As the new year continues apace, our thoughts turn to the objects, designers and eras that will be seducing antiques hunters in 2016.
2015 was the year of folk style furniture and textiles, championing craftsmanship, all things mid-century and softened industrial looks. Scandinavian furniture of the 60s and 70s was also highly desired and informed many new high-street collections, while a trend for painting less important, older pieces of furniture to update them was almost as big as the fashion for shiny metals – with copper, in particular, enjoying a renaissance. And we just couldn’t get enough of the pineapple motif, seen in everything from wall sconces to ice buckets to porcelain sugar bowls.
So what can we expect to see in the coming year? Will 2016 at last be when that the oft-predicted return of brown furniture finally takes shape? What will be the textile of choice, and will any of us be brave enough to recreate the Horniman Museum in our living rooms, as fossils and minerals rise to the surface?
Here antiques dealers and experts give us their predictions for 2016’s most covetable objects and trends.
‘The trend is for everything symmetrical and geometrical as it was in the late 1960s and early 1970s. I am seeing it in Portmeirion tableware from that period, which is becoming increasingly popular. The tall shape known as ‘Cylinder’ was key to the look of Portmeirion in the 1960s as it was very structural. Any ceramics and tableware along that line will be popular, along with Verner Panton-style circles, op art, black and white and playing with circles and squares. Look for very bold uses of colour. All of this is very much part of the retro trend that continues. This is because our interiors are still quite white so we are looking for colour to liven them up. I was in Scandinavia recently and all the kitchens there are white but are lifted by bright and colourful accessories.’
‘People are mixing and matching in their homes and can have an Old Master and a bright contemporary print next to each other on the wall. One no longer walks into a ‘Regency room’ or ‘art deco-style room’. My tip is to buy a piece of antique oak furniture and put a modern British picture next to it. They go incredibly well together. There is a trend for placing lots of different paintings on one large wall – it is so homely. I say, just be bold with your decorating.’
‘I particularly like architectural fragments as an ornament either on the wall or, for larger pieces, on a plinth or the floor. It’s hard to beat a good Corinthian capital. Chimneypiece tablets and carved panels in marble or more ornate larger reliefs in plaster are often used by good interior designers. It’s certainly not a new trend, but it is back again. Just visit the Sir John Soane’s Museum in London to see how to do it obsessively.’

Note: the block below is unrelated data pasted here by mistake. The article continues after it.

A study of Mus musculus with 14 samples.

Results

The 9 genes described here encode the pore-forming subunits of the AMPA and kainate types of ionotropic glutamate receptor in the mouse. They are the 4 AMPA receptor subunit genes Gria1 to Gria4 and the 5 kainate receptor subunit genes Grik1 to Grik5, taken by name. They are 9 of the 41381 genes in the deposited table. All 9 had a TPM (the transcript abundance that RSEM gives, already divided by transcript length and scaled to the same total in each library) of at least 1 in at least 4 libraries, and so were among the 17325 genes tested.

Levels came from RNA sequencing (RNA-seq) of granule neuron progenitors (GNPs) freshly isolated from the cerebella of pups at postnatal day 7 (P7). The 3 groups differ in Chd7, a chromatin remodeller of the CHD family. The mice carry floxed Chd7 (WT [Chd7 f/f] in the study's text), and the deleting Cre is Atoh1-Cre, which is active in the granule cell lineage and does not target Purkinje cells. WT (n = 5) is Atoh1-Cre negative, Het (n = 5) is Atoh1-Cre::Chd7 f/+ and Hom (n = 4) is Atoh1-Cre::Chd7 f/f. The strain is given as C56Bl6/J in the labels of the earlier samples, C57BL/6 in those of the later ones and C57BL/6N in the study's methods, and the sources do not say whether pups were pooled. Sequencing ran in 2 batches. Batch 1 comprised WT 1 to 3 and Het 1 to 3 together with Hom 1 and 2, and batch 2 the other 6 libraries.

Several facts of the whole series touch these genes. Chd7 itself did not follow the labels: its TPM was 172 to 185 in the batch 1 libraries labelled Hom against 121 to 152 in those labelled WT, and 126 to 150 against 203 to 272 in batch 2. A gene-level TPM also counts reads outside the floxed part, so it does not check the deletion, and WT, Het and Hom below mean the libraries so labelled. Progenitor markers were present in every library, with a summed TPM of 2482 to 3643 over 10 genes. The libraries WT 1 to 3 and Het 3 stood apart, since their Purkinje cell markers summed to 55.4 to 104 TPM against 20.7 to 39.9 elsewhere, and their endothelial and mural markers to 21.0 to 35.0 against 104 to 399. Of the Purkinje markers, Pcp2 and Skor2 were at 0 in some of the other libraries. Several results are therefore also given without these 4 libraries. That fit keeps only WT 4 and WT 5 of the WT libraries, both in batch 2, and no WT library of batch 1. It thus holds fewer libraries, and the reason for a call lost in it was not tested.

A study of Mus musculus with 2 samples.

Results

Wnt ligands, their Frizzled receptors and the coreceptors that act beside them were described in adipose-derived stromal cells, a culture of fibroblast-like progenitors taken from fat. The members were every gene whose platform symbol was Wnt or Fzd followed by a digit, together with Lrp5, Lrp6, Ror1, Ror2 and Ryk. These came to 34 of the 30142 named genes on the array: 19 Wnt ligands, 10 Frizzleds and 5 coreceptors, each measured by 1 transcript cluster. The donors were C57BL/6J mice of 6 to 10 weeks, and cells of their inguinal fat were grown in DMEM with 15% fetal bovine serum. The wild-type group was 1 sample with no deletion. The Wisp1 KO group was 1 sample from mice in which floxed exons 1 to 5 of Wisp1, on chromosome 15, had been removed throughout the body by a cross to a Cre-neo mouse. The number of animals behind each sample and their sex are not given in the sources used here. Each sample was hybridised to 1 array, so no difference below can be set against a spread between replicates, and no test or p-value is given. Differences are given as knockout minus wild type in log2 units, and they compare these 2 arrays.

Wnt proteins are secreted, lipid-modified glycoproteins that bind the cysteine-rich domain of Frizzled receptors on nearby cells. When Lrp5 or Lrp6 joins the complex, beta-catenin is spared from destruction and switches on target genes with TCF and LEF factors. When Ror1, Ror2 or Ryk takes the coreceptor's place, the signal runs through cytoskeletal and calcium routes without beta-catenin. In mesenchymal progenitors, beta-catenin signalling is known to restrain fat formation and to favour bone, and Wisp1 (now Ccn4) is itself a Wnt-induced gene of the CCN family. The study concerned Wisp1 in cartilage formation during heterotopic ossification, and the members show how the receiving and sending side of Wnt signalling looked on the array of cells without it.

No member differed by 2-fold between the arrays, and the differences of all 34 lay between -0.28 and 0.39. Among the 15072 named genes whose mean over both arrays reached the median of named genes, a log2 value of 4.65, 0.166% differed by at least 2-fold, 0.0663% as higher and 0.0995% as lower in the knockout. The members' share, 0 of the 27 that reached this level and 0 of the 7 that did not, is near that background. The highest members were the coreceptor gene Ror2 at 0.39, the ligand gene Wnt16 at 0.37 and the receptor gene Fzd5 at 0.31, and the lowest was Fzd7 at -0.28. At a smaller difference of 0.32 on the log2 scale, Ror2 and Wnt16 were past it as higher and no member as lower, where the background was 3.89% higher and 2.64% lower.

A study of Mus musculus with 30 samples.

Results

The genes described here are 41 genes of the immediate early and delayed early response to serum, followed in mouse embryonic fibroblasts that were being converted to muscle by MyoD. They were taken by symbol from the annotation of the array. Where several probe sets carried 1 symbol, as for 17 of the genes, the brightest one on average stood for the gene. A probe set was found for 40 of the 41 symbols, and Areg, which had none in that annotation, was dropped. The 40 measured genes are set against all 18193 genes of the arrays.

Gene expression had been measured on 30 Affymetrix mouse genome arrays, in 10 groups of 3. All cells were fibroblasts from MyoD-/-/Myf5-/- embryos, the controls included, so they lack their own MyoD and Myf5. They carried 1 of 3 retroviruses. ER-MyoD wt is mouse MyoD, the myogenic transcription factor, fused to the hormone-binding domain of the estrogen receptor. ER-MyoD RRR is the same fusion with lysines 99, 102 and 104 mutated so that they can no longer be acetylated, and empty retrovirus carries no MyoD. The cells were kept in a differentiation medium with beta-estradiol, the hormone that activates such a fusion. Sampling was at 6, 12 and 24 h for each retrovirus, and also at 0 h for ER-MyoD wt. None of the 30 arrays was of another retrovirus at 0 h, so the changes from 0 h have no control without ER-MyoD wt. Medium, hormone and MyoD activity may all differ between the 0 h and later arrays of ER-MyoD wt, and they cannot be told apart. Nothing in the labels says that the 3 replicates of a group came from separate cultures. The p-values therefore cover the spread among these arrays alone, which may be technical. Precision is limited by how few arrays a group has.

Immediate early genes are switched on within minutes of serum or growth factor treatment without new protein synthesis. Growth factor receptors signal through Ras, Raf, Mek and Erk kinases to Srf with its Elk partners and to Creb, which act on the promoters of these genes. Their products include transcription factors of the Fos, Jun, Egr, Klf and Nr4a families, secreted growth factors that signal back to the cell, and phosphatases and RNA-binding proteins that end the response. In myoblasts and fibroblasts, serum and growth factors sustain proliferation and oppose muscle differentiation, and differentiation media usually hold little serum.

‘From a buyer point of view more people are bearing in mind the green credential of antiques. Whereas some flimsy modern drawers get thrown out, we are seeing more people purchasing brown furniture to last. It has been through a slump for the last ten year but is now going up and while not flying in value, there is an increase in the amount being traded. Although I am not a dealer I have observed more of it being sold than in the previous decade. Shabby chic is no longer in, so get buying the classics instead.’
‘There is a trend for 18th-century revival antiques, whether Egyptian or Greek-inspired. Classical and neoclassical design and arts heavily influenced the period and the quality of materials is exquisite. It is these materials, designs and patterns you find emulated today, but the revival styles are more enticing than today’s adaptations – and worth saving up for.’
‘Over the past few years we have witnessed a growth of interest in fossils and minerals and this trend will continue long term. Interest in the natural world has grown enormously and the two are surely related. Admiration for minerals and fossils is not based on an academic or collector’s viewpoint but rather it stems from their use as decoration. The fact that they can work in traditional and contemporary decors makes them so universal. In today’s marketplace more and more astonishing fossils are appearing as preparation techniques continue to improve. Similarly with the shrinking of the planet in terms of trade and travel, rare minerals that were once fabulously rare, while still uncommon, are available to a much wider audience.’
‘I love blue-and-white Kraak porcelain, which is still relatively affordable. It was the first Chinese porcelain to be imported to Europe in mass quantities and one can really see the variation of the painter’s brush stroke. Although the pieces were created at speed, they were still hand produced. Blue-and-white porcelain has always been in fashion to some degree, but I find Kraak porcelain particularly charming at the moment. There is still enough to be found today and I think it is fun to hunt for something you can recognise from a Dutch still life painting.’